Tuesday, April 10, 2018


The trees, draped in mist-shawls,
are waiting.
Bear, curled into the root
of Grandfather Cedar,
dreams of fish and berry.
Wolf, fleet and shimmering,
pads the forest floor, shape-shifter,
traveler from the time of the ancients,
who knew how to live with the wild.

On the jagged branch of a crag,
Owl surveys  her domain through yellow eyes:
messenger from the otherworld,
oracle, harbinger, soothsayer,
feathered prophet.
She waves her feathery wing.

Eagle, raven, wolf stop still
and listen.
The spirits of the ancient ones
draw near.

Owl speaks once, and then falls silent.

The animals look at each other
with sad, knowing eyes.
They have been given a message
about the Two-Leggeds that pains them.

There will be death, destruction.
Their fates are intertwined.
One day all the shining souls
of  forest and city
will rise, a misty vapor
along the singing river,
and the world will
begin again.

Am sharing this with the Tuesday Platform at Real Toads.


  1. It is possible, it seems now, we have fallen down the "rabbit hole," so deep there is not way out...

  2. A sad truth so beautifully spoken, and yes I can see the animals look at each other with sad, knowing eyes. Hopefully there can be change, even if it is slow, and late. I love the way you give nature such a beautiful voice Sherry. It comes alive and speaks in your poetry!!

  3. A tragic reality that is yet to befall upon us.. eloquently spoken. Your nature poems are truly inspiring, Sherry 💞

  4. I to wonder if we have gone to far... where is the point of no return

  5. I hope all the shining souls will rise and begin anew and this time, stick to the vision.

  6. I've often wondered... if other animals and trees (always so smarter than we are), look at us with pity (and a bit of rage).

  7. Gone, like the morning mist, by noon. This i not a new prophecy, but even the animals seem to take it more seriously. I like (can't enjoy the tragedy of it, though) seeing us through their eyes.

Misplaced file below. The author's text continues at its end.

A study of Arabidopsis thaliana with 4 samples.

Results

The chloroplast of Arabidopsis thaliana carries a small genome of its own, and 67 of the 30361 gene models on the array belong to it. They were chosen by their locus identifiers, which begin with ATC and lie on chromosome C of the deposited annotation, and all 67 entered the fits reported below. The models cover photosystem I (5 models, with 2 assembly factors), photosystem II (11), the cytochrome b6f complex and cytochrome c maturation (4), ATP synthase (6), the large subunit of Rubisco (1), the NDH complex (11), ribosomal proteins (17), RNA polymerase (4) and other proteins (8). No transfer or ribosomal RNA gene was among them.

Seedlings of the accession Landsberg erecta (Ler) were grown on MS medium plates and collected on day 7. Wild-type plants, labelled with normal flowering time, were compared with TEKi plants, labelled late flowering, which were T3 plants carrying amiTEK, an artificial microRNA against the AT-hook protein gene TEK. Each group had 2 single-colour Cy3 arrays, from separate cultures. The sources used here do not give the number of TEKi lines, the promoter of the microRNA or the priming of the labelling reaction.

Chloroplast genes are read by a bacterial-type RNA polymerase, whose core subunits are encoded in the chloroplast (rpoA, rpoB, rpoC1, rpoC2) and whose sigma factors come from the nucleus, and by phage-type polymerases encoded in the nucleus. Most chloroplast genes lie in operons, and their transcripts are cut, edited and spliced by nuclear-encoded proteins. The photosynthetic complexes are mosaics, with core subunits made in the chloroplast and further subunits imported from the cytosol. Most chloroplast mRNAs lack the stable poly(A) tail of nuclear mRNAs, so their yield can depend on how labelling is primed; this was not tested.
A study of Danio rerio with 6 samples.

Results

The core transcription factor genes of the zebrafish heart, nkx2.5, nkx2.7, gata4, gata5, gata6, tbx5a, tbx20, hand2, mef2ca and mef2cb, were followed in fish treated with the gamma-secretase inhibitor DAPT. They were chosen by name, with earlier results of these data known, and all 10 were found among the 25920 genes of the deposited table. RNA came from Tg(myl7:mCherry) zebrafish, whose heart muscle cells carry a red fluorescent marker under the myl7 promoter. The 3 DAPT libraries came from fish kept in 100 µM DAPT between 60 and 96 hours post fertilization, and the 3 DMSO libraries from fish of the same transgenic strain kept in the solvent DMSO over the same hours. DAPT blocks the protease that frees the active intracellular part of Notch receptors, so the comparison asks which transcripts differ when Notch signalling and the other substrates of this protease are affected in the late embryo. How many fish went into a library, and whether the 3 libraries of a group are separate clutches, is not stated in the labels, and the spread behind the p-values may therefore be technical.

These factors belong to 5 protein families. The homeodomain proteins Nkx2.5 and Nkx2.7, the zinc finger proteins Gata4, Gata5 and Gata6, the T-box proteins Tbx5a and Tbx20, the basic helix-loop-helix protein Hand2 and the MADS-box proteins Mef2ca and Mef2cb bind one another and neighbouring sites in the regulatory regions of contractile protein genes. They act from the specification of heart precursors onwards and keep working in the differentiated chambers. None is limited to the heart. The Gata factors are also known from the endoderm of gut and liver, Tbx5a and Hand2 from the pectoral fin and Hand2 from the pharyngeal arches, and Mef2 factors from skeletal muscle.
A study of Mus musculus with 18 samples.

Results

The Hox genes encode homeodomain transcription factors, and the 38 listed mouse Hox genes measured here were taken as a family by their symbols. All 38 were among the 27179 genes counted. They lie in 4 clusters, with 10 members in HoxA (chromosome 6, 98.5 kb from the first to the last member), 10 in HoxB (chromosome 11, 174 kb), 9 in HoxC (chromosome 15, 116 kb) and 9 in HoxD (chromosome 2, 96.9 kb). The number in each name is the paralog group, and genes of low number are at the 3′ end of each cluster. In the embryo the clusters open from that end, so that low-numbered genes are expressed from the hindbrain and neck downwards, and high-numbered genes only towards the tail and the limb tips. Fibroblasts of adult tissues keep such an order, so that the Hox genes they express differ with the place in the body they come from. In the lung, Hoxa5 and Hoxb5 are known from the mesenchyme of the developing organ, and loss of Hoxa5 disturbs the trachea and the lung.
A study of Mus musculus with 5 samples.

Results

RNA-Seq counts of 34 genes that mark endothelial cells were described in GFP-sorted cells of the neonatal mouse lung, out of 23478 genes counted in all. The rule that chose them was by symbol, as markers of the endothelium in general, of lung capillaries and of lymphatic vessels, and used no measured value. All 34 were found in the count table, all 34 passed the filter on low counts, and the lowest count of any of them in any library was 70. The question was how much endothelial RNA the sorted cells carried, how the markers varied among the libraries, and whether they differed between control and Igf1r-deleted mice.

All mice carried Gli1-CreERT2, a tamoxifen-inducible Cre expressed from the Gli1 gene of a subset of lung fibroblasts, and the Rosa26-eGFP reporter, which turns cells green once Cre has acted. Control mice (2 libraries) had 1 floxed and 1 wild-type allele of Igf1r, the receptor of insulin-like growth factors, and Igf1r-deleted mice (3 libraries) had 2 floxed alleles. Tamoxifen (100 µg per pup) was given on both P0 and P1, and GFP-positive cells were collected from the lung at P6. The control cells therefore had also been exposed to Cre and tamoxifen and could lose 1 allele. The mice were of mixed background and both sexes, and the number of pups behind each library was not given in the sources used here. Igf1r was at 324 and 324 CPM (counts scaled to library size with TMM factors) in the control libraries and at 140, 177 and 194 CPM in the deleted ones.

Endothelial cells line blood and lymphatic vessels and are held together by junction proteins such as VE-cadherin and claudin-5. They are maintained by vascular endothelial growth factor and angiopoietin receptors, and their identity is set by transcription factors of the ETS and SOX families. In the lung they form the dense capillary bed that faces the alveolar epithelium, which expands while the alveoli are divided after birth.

8. I too think your words a masterpiece. A beautiful write of a very real (scary) possibility...
    Anna :o]

  9. Yes, Sherry, I hear them too...


  10. Sherry, Nature shines in your words and becomes more human than many human beings. The so-called the "Wild" is not so for Mother Nature is wiser than man. Animals as messengers and prophets: you know their souls because you have shared yours with one of them. Your poem predicts destruction, but also a new beginning. Will man finally learn from his mistakes and from Nature...? Bravo, wild woman. A hug <3

  11. So right Sherry..for the world to go on, this destructive species has to depart...depressing reflection of who we have become.

  12. The owl knows. But it's like all the animals resign to their doom. What else can they do, I guess? The images of that first stanza or amazing! And lastly, this reminds me of some YA books that my daughter reads. They refer to humans as "two-legs." And the two-legs mess up everything.

  13. Harsh truth...we are not so far from total annihilation.

  14. I do hope a day does not come when owls and bears are just a memory of what the Earth once was!

  15. Mother earth and nature starting again... I truly believe we humans can never destroy her completely but we can ourselves. We can damage, but I think we are not more powerful in the end. At least I hope not.

  16. Thank you for visiting my sister's poem. I appreciate it. She said she tried to comment but it didn't work -- she new at blogging so sorry about that.

    Love the poem. It reminds me of Native American mythology for some reason.
    Mary (Wilds of Idaho)


I so appreciate you taking the time to read and comment.
Thank you so much. I will be over to see you soon!